The high-level money launderer for the Sinaloa Cartel was sentenced to 188 months in prison for his role in a conspiracy to transfer millions of dollars in drug proceeds out of the United States.
Juan Manuel Alvarez-Inzunza, 41, had a law degree and worked as an attorney in Culiacan, Sinaloa, Mexico. According to prosecutors, Alvarez-Inzunza regularly received requests from the top leadership of the cartel, including Ismael “El Mayo” Zambada and Joaquin “Chapo” Guzman, to arrange the collection of drug proceeds in cities across the United States including New York, Boston, Chicago, and Detroit.
According to the U.S. Attorney’s office, Alvarez-Inzunza then worked with associates in Bogota, Colombia to arrange for the transfer of those funds to Mexico, Central America, and other locations.
Court records indicate agents with Homeland Security Investigations had intercepted communications of Alvarez-Inzunza with high-level cartel leaders starting in 2013. Agents were able to seize over $4 million in bulk currency proceedings with the intercepted information before they could leave the country.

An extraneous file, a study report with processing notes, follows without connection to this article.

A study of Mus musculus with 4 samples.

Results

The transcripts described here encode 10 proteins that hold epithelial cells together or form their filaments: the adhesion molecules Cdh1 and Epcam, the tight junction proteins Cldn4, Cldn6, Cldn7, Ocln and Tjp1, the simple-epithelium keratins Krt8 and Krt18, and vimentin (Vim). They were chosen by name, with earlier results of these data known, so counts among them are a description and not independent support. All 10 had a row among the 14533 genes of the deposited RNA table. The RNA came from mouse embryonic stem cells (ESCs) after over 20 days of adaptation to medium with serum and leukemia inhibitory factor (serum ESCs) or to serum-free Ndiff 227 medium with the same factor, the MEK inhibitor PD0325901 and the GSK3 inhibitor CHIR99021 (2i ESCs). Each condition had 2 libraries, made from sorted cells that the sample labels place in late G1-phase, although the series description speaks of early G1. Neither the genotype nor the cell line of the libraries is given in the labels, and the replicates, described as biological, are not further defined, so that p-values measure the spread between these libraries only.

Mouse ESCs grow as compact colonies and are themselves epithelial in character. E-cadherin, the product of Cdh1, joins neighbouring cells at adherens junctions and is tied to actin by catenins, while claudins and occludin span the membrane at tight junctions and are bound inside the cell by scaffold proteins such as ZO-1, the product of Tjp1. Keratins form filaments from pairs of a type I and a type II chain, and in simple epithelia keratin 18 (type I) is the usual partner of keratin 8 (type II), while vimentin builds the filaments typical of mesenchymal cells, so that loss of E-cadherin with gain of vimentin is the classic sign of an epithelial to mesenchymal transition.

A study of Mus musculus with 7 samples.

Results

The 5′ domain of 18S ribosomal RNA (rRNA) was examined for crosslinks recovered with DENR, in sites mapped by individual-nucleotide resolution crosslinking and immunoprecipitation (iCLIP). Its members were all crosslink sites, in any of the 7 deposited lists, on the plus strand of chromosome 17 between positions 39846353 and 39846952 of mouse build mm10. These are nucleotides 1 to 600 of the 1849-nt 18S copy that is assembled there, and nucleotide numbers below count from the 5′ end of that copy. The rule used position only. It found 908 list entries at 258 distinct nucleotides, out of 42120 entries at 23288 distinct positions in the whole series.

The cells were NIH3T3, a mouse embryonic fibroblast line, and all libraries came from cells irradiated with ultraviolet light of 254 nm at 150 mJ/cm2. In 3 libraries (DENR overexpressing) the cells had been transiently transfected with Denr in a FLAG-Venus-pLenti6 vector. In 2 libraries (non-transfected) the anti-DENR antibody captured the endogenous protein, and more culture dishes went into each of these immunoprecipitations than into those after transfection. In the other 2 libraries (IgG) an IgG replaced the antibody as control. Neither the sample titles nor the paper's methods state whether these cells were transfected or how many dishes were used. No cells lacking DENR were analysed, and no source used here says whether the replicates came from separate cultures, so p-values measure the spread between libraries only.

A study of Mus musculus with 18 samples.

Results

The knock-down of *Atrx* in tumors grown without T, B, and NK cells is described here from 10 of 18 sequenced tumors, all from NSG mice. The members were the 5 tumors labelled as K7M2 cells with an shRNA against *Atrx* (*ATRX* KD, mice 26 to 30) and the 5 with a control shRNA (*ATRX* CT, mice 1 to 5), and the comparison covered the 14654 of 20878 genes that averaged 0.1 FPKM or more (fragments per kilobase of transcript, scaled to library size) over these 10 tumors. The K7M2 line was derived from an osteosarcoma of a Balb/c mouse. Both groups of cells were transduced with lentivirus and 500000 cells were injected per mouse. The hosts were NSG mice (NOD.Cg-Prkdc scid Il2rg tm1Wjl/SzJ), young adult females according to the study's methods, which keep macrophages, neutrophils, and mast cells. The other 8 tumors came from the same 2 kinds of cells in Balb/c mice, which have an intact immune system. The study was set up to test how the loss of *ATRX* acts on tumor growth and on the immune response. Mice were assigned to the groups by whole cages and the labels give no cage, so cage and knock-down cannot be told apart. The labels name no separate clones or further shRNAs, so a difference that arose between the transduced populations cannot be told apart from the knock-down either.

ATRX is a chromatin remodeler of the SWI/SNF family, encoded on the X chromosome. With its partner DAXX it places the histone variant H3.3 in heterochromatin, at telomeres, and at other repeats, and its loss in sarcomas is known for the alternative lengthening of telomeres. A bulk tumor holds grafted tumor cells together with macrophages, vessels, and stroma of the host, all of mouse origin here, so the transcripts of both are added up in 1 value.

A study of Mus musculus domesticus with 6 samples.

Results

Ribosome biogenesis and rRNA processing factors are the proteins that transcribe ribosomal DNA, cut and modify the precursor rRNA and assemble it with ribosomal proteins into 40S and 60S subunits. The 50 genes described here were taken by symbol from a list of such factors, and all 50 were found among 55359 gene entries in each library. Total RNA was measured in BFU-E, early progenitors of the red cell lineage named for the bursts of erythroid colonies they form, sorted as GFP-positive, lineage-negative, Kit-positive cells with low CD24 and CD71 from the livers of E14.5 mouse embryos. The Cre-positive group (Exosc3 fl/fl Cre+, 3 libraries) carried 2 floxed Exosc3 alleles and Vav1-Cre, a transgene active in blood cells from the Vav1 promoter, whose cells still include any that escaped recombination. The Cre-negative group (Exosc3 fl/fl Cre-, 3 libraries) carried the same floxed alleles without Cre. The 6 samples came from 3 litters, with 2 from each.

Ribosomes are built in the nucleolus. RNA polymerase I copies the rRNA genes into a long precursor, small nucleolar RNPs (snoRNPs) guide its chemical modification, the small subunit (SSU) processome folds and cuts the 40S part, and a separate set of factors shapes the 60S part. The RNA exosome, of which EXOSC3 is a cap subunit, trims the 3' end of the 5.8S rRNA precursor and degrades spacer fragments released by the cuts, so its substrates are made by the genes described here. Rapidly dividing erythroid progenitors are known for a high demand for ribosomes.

“Intercepts showed Alvarez-Inzunza orchestrating the transfer of millions more on behalf of the cartel,” Assistant U. S. Attorney Daniel E. Zipp wrote in a statement.
Authorities found Alvarez-Inzunza orchestrating the transfer of millions more on behalf of the cartel.
Chief Judge Dana M. Sabraw noted that the Sinaloa cartel is “a very violent organization” and “they don’t exist without money.”
Mexican authorities arrested Alvarez-Inzunza in March 2016 while traveling in the state of Oaxaca. Alvarez-Inzunza was extradited into the United States last year and on May 3, he pleaded guilty to one count of conspiracy to launder monetary instruments in violation.
“Large-scale drug cartels in Mexico can only survive by manipulating the international financial system to transfer the proceeds of their drug sales out of the United States. Today’s sentence sends a message to global money launderers that they are not safe, wherever they may reside, and we will continue to work with our international partners to bring them to justice.”U.S. Attorney Randy Grossman said.